Are Your Assets Under Management Really Being Managed?

Many investors don’t have the time, inclination, or ability to handle their own investing. Once their portfolios reach a certain level they decide to rely on an investment adviser or wealth manager. After all, these “experts” are supposed to have superior knowledge.

What do you get from these advisers? Are your best interests in mind?

You may be surprised to learn that your investment adviser does not make proactive investment decisions for you. There is no minimum to maximum range for each asset class to properly align a portfolio with the current economic conditions and stock market cycles.

All too often, the service provided is merely the sale of actively managed mutual funds and allocating these funds to a predetermined “cookie cutter” asset allocation mix.

80% of investors who hold mutual funds outside of employer-sponsored retirement funds own them through an adviser. These are often within proprietary wrap accounts and funds of funds with names such as “Managed Income and Moderate Growth.” You may have several pages of different funds – but many hold the same investments!

Often this comes with a hefty fee. You may pay a fee of 1 – 2% of the total of your portfolio.

This is not management. What are you paying that asset management fee for?

Asset Management

Indifferent service

Too many advisers deliver indifferent service and bad advice while charging way too much.

I’m not talking about loading your portfolio with unsuitable high-risk investments or leverage, or out and out fraud – although that happens all too often. I mean the lazy advisers who stick you into a portfolio of funds during your first-time meeting and you never hear from them again.

These advisers tell investors what they want to hear and assume that they only focus on short-term potential returns. They will choose an investment strategy that minimizes downside risk in order to retain clients.

How does your investment manager add value?

You want an adviser who is experienced working with people who have similar goals and similar account sizes.

A good advisor will help keep your portfolio diversified and will rebalance when needed.

To get added value for the fees you are paying you don’t just want an investment plan. You may not necessarily receive a full written financial plan, but you should be getting some personalized advice that guides you towards your life goals.

Perhaps the greatest benefit you receive is an adviser who will keep you on your plan through good market conditions and bad.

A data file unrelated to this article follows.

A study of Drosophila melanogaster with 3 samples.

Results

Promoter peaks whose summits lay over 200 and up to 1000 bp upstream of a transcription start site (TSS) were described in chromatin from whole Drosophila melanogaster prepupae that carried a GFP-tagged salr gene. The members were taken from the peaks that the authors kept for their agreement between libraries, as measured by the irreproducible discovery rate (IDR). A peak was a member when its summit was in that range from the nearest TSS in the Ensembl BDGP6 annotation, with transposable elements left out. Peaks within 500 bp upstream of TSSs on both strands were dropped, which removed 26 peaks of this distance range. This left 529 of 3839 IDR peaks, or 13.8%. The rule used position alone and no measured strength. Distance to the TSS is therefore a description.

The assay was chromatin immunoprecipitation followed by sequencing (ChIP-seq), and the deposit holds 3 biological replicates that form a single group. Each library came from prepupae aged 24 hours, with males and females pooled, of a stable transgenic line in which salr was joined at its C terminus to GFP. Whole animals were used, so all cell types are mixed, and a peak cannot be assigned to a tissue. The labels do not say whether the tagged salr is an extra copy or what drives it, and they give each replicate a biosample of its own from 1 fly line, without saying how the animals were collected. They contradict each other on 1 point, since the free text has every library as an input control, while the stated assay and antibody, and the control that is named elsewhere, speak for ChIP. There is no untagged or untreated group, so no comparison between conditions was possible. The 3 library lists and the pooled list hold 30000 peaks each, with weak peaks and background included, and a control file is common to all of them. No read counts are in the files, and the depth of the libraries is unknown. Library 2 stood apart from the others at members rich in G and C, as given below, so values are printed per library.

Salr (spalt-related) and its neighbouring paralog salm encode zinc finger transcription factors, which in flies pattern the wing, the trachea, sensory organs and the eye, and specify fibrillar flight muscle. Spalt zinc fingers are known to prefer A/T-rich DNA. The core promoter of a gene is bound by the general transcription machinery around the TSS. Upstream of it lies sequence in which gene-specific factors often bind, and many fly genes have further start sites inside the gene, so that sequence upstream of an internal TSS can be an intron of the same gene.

Final thoughts

What clients need and should get is real advice that will benefit them, rather than glib marketing phrases and jargon.

Lack of investment flexibility, combined with frustration over high management fees and poor performance are the main reason that the discount brokerage industry has exploded in recent years.

If you just meet once a year to update your profile, you can get the same allocations at any bank branch and save with their index mutual funds. If your adviser merely rebalances your portfolio once a year, you may as well use the services of a robo-advisor.

There is no justification for paying 1% or more to an investment adviser unless you are getting other advice. Evaluate the overall value you are receiving for the fees you are paying.


    Excellent article Marie. After decades of the poor advice and inattentive service I finally saw the light and went the DIY route with ETF’s. All the advisers I dealt with at TD, RBC and DFA where this type – “I mean the lazy advisers who stick you into a portfolio of funds during your first-time meeting and you never hear from them again.”

  2. Doug Boraas on July 5, 2017 at 6:48 am

    I agree and that is why I pay a yearly account nominal fee plus a transaction fee and I don’t have all that many transactions during a year! Most of the transactions also come from me and I just want their concurrence re balance sheets, credit rating, etc. I save at least $10,000 to $12,000 per year!

  3. Bill Silverberg on July 5, 2017 at 8:10 am

    I agree completely with your article
    It is very difficult to find an
    Advisor who has your best interest at heart
    I am tired of paying high
    Management fees for the minimal service provided
    Any suggestions?

  4. Wes Philips on July 5, 2017 at 9:47 am

    Mine weren’t but it was my own fault for not seeing the light during the tech bubble crash. His own portfolio escaped with minor damage ( he told me after when we had our yearly meeting ) but mine was down by as much as 50%.
    We parted company after the meeting and I started my own DIY dividend growth journey.
    Nobody else cares about your hard earned money but yourself.
    Thanks for the excellent write-up Marie.